Behold the great pumpkin!
The typical jack-o'-lantern pumpkin weighs 15 to 25 pounds, but pumpkins can range in size from less than one pound to more than 1,000 pounds. How big is a pumpkin that weighs half a ton? The distance around a 1,000-pound pumpkin is about 15 feet. This year the new official world's largest pumpkin weighed a whopping 1,458 pounds. Bruce and Mary Whittier of Henniker, N.H., grew that monster.
A type of squash, pumpkins are a member of the Cucurbitaceae family, which also includes squash, cucumbers, gherkins and melons. In addition to the common orange color, pumpkins also can come in whites, blues, reds, yellows and tans. An unripe pumpkin is green.
Though pumpkins can be grown on every continent except Antarctica, more than 90 percent of the pumpkins grown in the U.S. are raised within a 90-mile radius of Morton. The Illinois town bills itself as the "Pumpkin Capital of the World," but other places (including Floydada, Texas; Half Moon Bay, Calif.; and Pikeville, Tenn.) make similar claims. Morton's title may have the most merit: It's home to a Libby's pumpkin-processing plant that's responsible for canning more than 85 percent of the world's pumpkin each year.
Small "pie" or "sweet" pumpkins are the best for cooking. Pie pumpkins have a sweeter flesh and are less stringy than the larger jack-o'-lantern varieties. Pumpkins are 90 percent water, high in fiber, and low in calories, fat and sodium. They contain Vitamin A and B, potassium, protein and iron.
Native Americans were big pumpkin fans: For food, they'd roast long pumpkin strips over open fires. They also dried strips of pumpkin to weave into mats. Nowadays, pumpkins are used in a variety of recipes, including soups, pies, bread and cookies. When steamed (be sure to remove the skin, seeds and fibers), pumpkin makes a delicious and attractive vegetable side dish. Consider substituting fresh pumpkin in recipes that call for winter squash or sweet potatoes.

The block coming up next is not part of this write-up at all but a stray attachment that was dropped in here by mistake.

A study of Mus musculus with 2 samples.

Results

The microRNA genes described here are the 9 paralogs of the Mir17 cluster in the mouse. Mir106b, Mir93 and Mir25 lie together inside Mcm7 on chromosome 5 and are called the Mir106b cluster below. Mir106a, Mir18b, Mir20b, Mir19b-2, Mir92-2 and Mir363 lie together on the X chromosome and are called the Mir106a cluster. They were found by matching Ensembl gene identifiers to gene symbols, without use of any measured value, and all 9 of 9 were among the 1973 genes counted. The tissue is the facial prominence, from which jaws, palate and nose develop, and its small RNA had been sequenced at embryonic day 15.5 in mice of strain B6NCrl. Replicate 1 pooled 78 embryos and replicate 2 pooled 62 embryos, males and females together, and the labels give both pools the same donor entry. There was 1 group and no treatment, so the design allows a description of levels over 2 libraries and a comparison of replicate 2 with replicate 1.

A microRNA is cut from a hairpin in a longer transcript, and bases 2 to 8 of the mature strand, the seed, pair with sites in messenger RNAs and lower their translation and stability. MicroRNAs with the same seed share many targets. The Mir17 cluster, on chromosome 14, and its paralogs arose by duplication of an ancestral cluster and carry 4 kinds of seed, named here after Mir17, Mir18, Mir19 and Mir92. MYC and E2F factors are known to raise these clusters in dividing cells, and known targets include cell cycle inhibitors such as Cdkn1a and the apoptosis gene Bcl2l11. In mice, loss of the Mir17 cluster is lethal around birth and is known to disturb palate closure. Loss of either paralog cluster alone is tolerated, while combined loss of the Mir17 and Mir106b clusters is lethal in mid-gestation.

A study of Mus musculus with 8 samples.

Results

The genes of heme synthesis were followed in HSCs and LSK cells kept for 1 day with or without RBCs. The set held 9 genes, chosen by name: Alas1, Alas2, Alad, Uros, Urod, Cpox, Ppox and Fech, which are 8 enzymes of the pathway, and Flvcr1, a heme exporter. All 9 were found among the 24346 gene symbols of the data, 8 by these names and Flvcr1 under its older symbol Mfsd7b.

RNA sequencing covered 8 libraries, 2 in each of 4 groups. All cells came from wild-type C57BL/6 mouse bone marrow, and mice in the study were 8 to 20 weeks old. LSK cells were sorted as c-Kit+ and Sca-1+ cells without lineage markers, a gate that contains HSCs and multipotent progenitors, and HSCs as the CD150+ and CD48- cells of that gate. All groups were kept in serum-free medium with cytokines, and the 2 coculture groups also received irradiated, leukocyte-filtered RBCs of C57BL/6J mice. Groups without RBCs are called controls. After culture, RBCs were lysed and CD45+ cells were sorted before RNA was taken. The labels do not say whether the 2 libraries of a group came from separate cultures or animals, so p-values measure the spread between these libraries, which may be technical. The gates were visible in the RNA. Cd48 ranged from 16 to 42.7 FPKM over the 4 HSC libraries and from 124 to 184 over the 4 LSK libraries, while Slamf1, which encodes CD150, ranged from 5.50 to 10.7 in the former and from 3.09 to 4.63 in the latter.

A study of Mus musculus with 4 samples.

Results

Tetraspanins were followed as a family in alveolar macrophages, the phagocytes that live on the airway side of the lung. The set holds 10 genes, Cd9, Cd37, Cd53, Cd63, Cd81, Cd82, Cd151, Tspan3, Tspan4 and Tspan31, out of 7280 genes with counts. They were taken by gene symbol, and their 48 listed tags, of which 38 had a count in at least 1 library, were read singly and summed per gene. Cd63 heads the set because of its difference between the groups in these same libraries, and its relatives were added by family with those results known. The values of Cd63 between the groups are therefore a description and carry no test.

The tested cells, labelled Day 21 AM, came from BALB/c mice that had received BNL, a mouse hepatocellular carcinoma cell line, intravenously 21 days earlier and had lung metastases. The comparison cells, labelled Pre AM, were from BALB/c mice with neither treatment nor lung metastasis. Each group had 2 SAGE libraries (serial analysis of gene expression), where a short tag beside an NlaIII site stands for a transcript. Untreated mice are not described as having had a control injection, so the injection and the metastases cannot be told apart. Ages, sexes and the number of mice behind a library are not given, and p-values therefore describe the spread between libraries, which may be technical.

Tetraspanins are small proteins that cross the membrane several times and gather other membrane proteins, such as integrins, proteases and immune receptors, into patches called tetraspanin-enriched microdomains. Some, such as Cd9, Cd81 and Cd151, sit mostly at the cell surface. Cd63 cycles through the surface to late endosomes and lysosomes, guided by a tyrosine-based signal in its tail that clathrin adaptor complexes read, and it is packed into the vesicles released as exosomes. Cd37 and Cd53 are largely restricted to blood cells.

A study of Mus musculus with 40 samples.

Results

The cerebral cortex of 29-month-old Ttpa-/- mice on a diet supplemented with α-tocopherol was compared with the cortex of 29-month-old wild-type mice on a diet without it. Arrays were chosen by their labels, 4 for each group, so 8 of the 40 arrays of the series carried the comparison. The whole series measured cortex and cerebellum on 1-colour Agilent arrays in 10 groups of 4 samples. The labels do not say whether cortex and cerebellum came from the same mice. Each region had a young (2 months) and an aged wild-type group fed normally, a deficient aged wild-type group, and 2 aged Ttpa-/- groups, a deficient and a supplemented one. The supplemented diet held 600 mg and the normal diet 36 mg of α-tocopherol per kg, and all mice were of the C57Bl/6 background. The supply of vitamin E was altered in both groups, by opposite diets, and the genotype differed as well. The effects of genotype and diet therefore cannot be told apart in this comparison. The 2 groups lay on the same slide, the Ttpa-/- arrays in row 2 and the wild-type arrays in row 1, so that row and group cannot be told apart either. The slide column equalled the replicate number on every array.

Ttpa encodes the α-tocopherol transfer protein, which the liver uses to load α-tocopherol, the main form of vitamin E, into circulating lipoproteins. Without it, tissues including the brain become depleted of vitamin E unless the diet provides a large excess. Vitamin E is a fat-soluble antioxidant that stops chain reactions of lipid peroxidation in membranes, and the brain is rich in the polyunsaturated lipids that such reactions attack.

The flowers and seeds of pumpkins are also edible. Save the seeds from your jack-o'-lantern and roast them for a delicious and nutritious snack. There are a number of ways to prepare roasted pumpkin seeds. Here's one:
Remove the seeds from the stringy fibers and wash.
Dry the seeds in the sun, dehydrator or oven (in the dehydrator at 115-120 degrees Fahrenheit for 1-2 hours; in the oven, set on warm, for 3-4 hours).
Stir the seeds frequently to avoid scorching.
Take the dried pumpkin seeds, toss with oil and salt to taste, and place in a 250-degree preheated oven for 10 to 15 minutes.
When selecting a pumpkin for cooking or carving, make sure there are no blemishes or decay spots and that the pumpkin still has a stem. Pumpkins without stems usually do not keep well. They can be stored in a cool, dry place away from light for up to two months.
For more information, visit the "Pumpkins & More" Web site at www.urbanext.uiuc.edu/pumpkins/index.html.
Make low-fat pumpkin bread
1 cup solid-pack pumpkin
1/2 cup sugar
2 tablespoons oil
1/2 cup plain lowfat yogurt
3/4 cup all-purpose flour
3/4 cup whole wheat flour
1 teaspoon baking powder
1 teaspoon baking soda
1 teaspoon cinnamon
1/4 teaspoon salt
1/2 cup raisins
In large bowl, beat pumpkin, sugar, oil, and yogurt. In medium bowl, combine flour, baking powder, soda, cinnamon and salt. Add to pumpkin mixture, stirring just until moistened. Stir in raisins. Pour into a lightly greased 9-inch by 5-inch by 3-inch loaf pan. Bake in oven at 350 degrees Fahrenheit (preheat first) for about 1 hour or until a wooden toothpick inserted near the center comes out clean. Cool on a wire rack for 10 minutes, then remove from pan and cool completely. Keeps best if wrapped and stored in the refrigerator. Freezes well. Make 1 loaf, 16 servings.
Per serving: 106 calories, 2 grams fat, 21 grams carbohydrate, 2 grams protein, trace of cholesterol, 153 milligrams sodium.